A federal judge’s ruling late Friday has given public sector unions a major victory—and offered a firm rebuke to President Donald Trump’s anti-worker agenda—by declaring unconstitutional administration rules that sought to make it easier to fire government employees and undermine their right to bargain collectively.
Deciding on a challenge first brought by the American Federation of Government Employees (AFGE), and later joined by other unions, Judge Ketanji Brown Jackson, of the U.S. District Court for the District of Columbia, said that Trump’s orders “exceeded his authority” and violated the workers First Amendment rights.
“President Trump’s illegal action was a direct assault on the legal rights and protections that Congress specifically guaranteed to the public-sector employees across this country who keep our federal government running every single day,” declared J. David Cox Sr., AFGE’s national president, in the wake of the ruling.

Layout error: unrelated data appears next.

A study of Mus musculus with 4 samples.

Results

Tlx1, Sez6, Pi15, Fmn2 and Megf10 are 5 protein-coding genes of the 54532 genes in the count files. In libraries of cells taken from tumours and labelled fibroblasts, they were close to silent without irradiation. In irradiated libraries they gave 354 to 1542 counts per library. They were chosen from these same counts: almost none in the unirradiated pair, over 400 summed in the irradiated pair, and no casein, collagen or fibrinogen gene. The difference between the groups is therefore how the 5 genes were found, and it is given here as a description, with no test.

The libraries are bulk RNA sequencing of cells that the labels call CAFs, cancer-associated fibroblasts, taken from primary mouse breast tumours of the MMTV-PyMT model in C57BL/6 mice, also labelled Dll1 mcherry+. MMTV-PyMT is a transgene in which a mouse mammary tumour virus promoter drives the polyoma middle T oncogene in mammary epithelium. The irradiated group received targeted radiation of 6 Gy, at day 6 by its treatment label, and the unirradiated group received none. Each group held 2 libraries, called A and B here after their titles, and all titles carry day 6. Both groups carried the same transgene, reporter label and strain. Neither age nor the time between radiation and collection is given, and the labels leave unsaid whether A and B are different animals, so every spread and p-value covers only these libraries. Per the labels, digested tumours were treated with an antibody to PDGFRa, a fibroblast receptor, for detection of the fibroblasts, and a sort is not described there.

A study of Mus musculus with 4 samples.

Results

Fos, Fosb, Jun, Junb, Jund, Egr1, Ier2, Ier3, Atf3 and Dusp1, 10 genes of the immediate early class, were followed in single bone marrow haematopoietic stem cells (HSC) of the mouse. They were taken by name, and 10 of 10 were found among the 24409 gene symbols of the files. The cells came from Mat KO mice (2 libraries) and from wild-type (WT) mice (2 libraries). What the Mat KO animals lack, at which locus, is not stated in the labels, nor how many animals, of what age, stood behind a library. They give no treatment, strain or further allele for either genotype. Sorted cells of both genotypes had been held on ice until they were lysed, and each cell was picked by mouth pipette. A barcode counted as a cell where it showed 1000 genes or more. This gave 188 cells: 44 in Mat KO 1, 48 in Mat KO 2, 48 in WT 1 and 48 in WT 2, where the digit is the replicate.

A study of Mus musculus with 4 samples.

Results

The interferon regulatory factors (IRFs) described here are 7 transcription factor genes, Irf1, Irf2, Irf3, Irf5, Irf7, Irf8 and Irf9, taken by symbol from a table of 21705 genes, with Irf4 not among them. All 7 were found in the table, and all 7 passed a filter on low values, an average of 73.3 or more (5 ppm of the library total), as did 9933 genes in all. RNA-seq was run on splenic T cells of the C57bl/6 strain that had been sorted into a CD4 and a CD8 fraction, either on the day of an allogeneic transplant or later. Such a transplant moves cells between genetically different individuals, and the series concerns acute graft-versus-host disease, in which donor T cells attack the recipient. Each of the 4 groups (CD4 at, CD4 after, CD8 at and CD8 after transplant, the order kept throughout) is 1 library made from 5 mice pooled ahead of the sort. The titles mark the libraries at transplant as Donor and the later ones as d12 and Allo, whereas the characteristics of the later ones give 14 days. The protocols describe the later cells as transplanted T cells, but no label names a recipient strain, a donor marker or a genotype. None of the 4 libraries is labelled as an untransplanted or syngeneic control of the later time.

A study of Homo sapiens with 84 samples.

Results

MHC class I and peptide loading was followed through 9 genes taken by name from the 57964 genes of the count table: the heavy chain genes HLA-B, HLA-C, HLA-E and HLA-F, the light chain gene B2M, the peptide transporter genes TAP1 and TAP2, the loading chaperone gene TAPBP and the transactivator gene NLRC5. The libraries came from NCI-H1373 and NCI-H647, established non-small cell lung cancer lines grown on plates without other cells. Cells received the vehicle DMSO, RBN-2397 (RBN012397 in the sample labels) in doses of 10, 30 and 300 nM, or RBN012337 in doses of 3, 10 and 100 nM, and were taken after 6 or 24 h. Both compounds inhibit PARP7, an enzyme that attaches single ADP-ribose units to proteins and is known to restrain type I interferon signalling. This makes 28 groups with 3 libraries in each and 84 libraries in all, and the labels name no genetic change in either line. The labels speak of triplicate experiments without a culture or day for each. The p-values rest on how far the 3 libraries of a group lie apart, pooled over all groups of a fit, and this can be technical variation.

“We are heartened by the judge’s ruling and by the huge outpouring of support shown to federal workers by lawmakers from both parties, fellow union workers, and compassionate citizens across the country,” Cox said. “Our members go to work every single day to serve the American people, and they deserve all the rights and protections afforded to them by our founding fathers.”
With the judge’s ruling handed down, Cox concluded, “I urge all agencies that have attempted to enforce this illegal executive order to restore all previously negotiated contracts and to bargain in good faith with employee representatives on any future changes as required under the law.”